The Ponzi schemes and off-balance sheet loans in China’s banking system are in the forefront of today’s news. Reuters reports Bank of China executive warns of shadow banking risks
A senior Chinese banking executive has warned against the proliferation of off-book wealth management products, comparing some to a Ponzi scheme in a rare official acknowledgment of the risks they pose to the Chinese banking system.
China must “tackle” shadow banking, particularly the short term investment vehicles known as wealth management products, Xiao Gang, the chairman of the board of Bank of China, one of the top four state-owned banks, wrote in an op-ed in the English-language China Daily on Friday.
He warned of a mismatch between short-term products and the longer underlying projects they fund, adding that in some cases the products are not tied to any specific project and that in others new products may be issued to pay off maturing products and avoid a liquidity squeeze.
“To some extent, this is fundamentally a Ponzi scheme.”
Yuan Loans Trail Estimates
Bloomberg reports Yuan Loans Trail Estimates as Wen Struggles for Rebound
Banks extended 623.2 billion yuan ($99.5 billion) of local- currency loans, the People’s Bank of China said on its website today. That compares with the median estimate of 700 billion yuan in a Bloomberg News survey of economists.
China’s central bank has cut interest rates and lenders’ reserve requirements to spur lending, with economic growth sinking just as the Communist Party prepares for a once-a-decade leadership transition that starts next month. While local governments are rolling out plans for infrastructure spending, banks are wary of accumulating bad loans and have failed to make use of extra leeway for offering discounts to borrowers.
Premier Wen Jiabao is “risking handing over a sharply slowing economy to the next administration, a blemish to his otherwise great performance over the last 10 years,” said Liu Li-Gang, an economist in Hong Kong at Australia & New Zealand Banking Group Ltd. (ANZ), who previously worked at the World Bank. Liu said the central bank needs to cut lenders’ reserve requirements.
Korea Slashes Interest Rates
Business Insider reports Korea Slashes Interest Rates
SEOUL, South Korea (AP) — South Korea’s central bank trimmed the key interest rate Thursday for a second time this year, as Asia’s fourth-largest economy faces mounting threats from the protracted debt crisis in Europe and the slowing growth in the world economy.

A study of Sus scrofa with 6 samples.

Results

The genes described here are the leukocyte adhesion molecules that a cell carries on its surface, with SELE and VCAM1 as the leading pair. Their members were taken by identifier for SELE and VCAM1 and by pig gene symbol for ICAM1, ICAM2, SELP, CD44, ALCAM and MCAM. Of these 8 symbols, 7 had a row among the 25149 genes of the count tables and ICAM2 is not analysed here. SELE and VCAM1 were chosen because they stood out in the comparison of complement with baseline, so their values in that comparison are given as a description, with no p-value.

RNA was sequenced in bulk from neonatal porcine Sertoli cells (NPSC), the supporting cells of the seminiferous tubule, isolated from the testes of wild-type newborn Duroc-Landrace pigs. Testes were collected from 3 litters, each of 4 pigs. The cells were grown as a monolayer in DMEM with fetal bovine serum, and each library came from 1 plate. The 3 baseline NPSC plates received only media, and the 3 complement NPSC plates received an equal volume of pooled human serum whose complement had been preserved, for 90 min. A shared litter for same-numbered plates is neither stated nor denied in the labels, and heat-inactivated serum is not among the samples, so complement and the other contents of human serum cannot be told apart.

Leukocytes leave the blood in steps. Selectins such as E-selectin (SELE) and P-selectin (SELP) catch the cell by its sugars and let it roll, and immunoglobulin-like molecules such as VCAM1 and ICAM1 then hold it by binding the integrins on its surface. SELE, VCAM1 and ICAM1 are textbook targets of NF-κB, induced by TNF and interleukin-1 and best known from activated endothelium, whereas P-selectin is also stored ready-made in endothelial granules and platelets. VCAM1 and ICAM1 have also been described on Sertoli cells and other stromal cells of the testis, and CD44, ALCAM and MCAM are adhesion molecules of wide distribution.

Analysts expect that the Bank of Korea, which revised down its outlook for South Korea’s economy to 3 per cent in July, will further reduce its growth forecast for 2012 and 2013 in its scheduled announcement later in the day.
Singapore Economy Contracts
Business Standard reports Singapore Q3 economic growth slows.
Singapore’s economy grew by 1.3 per cent in the third quarter, slower than the 2.3 per cent growth in the previous quarter.
“On a quarter-on-quarter seasonally-adjusted annualised basis, the economy contracted by 1.5 per cent, compared to the 0.2 per cent expansion in the second quarter”, the Ministry of Trade and Industry (MTI) said while releasing the advance GDP figures.
The Ministry also cautioned that growth could be weighed down by the subdued global economic conditions for the rest of the year.
Hong Kongs’s July retail sales growth slows
China Daily reports HK’s July retail sales growth slows
Retail sector to remain weak for rest of the year, analysts warn
The city’s retail July sales value tumbled drastically as the local retail sales market was weighed by the global economic slowdown and the decrease in mainland tourists’ spending. Economic analysts cautioned that the local retail sales will remain weak for the rest of the year.
Birth Rates of North America vs. Asia
Photo: Mish Shedlock
Chart from Google World Indicators.
Birth Rates of US, UK, Australia, China, Canada, Korea, Germany
Photo: Mish Shedlock
“China Will Grow Old Before Growing Rich”
My friend “BC” emailed the above links along with a few thoughts. “BC” writes:Developmentally, China is where the US was in the late 1920s and early 1930s, and where Japan was in the late ’60s and early ’70s, but China does not have the luxury of growing supplies of $10-$15 oil as did Japan.
Banking crises historically occur following demographics-induced credit and unreal estate booms/bubbles. China, Australia, and Canada are next in line for an unreal estate bust and banking crisis.
Demographic drag effects will hereafter begin to occur in China, Korea, and the Asian city-states, especially for China after ’14 into the mid- to late ’20s. Attempts to increase lending and “stimulus” with a debt overhang will encounter the same structural demographic constraints as in Japan since the mid- to late ’90s and the US since ’08.
China’s growth boom is over, which means that the same for Taiwan, Korea, Singapore, Hong Kong, Thailand, Malaysia, and Vietnam.
China will “grow old before growing rich”.
Impact on Commodity Producers
I am in general agreement with the thoughts expressed by “BC”.
The impact on commodity exporters like Canada and Australia will be far, far greater than most realise. For further discussion, please see …
Moreover, while the US is in the best shape demographically speaking, the overall picture is not especially pretty anywhere as retired boomers require medical benefits at an ever-increasing pace with real wages stagnant at best for those fresh out of college.